The irony of the "A" in the sky is that the townspeople see it as a representation of "angel" while Dimmesdale believes it is divine judgment with regard to his sin of adultery.
The narrator tells of ancient interpretations of such celestial events as having been divinely inspired.
The meteor flashes through the sky after Dimmesdale has joined hands with Hester and Pearl up on the scaffold. Rather than seeing this as God's blessing on their love and His forgiveness of Dimmesdale's fall from grace, the reverend sees it in a negative fashion. He so hates his sin that he not only whips himself and fasts regularly in atonement, but he begins to fail physically. Had Dimmesdale been able to forgive himself with the generous nature of the God he so adored, this could have been a turning point for the three of them: Arthur, Hester and Pearl. Instead, it simply convinces him that his self-loathing has been noted and approved by God, and Dimmesdale's illness eventually kills him.
One of the ironies of Dimmesdale's interpretation of the sign in the sky is that he is the minister of God's love and mercy. Logically, such a one would be the first to recognize a manifestation of God's love to His followers. However, Dimmesdale is consumed by guilt, thus his vision of the manifestation is impaired by and reflects that guilt, while it is the others, his "flock" of sinners, who see God's love in the manifested A in the sky.
That the townspeople have afforded Hester retribution for her sin is ironic since Puritanism allowed for no reward for good deeds. It is also ironic that Dimmesdale feels that he can never be forgiven for what he has done, even when he perceives the change in the attitudes of the members of the community toward Hester.
Here Hawthorne points to the great evils of the precepts of Puritanism which, so ingrained in Dimmesdale are they that he persists in holding his secret sin within him even when it is killing him.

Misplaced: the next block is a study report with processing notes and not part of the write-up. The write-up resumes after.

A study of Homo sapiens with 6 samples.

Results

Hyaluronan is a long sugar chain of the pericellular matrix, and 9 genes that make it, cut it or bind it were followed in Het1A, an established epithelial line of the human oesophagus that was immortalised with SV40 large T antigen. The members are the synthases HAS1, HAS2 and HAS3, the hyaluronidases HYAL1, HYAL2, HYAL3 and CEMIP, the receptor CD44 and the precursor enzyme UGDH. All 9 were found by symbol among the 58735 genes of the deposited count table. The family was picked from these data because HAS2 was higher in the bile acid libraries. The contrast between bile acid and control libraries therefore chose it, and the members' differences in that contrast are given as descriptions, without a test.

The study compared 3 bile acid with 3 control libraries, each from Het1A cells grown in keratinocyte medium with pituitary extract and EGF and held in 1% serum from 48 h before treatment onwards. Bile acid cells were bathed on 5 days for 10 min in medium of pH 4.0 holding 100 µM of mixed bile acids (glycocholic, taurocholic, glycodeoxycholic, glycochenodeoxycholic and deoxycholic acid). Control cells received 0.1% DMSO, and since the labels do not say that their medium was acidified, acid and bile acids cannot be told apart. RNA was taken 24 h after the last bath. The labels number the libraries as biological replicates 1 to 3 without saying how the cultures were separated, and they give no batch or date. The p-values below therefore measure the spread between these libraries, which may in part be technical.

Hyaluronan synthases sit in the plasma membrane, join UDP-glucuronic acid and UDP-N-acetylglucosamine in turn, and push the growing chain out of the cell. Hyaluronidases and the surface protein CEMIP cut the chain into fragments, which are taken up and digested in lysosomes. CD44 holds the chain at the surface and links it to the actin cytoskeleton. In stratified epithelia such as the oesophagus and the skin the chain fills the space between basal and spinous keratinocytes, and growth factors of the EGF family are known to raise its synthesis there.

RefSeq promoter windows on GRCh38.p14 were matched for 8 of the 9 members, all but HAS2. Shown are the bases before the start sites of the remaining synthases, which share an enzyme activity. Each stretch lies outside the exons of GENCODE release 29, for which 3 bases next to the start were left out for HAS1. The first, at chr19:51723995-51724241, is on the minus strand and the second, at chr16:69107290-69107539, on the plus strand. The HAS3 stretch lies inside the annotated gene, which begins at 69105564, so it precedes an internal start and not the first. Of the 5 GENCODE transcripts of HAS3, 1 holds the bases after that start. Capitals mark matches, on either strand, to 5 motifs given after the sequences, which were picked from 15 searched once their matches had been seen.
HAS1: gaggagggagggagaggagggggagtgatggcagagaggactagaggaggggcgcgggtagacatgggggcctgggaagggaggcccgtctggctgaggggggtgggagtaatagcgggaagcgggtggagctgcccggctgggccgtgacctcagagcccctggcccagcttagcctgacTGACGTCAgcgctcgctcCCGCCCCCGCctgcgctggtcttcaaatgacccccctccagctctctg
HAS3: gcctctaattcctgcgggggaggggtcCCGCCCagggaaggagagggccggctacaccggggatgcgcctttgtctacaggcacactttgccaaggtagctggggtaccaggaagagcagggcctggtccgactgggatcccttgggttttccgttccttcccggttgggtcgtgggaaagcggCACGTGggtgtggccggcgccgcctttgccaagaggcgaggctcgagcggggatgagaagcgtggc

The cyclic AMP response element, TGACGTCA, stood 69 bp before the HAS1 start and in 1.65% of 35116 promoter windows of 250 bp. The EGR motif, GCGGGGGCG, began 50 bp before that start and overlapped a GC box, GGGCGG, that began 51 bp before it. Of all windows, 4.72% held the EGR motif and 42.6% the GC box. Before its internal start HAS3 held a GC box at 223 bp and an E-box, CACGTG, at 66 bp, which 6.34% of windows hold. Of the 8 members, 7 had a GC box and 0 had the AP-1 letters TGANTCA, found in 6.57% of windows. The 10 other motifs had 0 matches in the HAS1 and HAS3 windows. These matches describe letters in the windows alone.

This scene pushes Dimmesdale's guilt to a much greater level than ever before in the novel. He is absolutely consumed by guilt and yet ironically he finds in harder and harder to confess his guilt as the novel progresses. He actually becomes a better preacher each week as the guilt builds. Combined with how Chillingsworth is prodding him and his time spent with Hester in the woods, he is more and more stretching his public and private persona. Guilty hearts see judgement where there is none, and that is certainly true of Dimmesdale here.
You are correct! I always thought of this book as an example of the irony and hypocrisy of these early colonial societies that were so tyrannically religious. So many normal parts of life were infringed upon, yet people could get away with treating each other badly in the name of God and religion.
This scene affects the story because it implies that there is a cosmic need to punish Hester's mistake, in the eyes of Dimmesdale. It is almost as if he feels that the pain they both have endured is not enough. This may also be the reason why he ultimately deceives Hester one last time and does not complete the plan that they both put together to leave the settlement. The fact that, to the settlers, it meant "angel" is indeed ironic and may have everything to do with the fact that they, at some point, begin to see Hester as a good person. This, as we can see, is a huge contrast with Dimmesdale's own view of Hester.
Yes, absolutely. Let us remember that this is a novel in many ways that is about the theme of interpretation itself. These two interpretations of the same phenomenon also find an interesting parallel in the way that Dimmesdale's preaching is actually made much more effective by his guilt, even though he harbours his secret sin inside of him that, if it were known, would result in his censure and punishment by the otherwise adoring congregation. Perception seems to be in the eye of the beholder.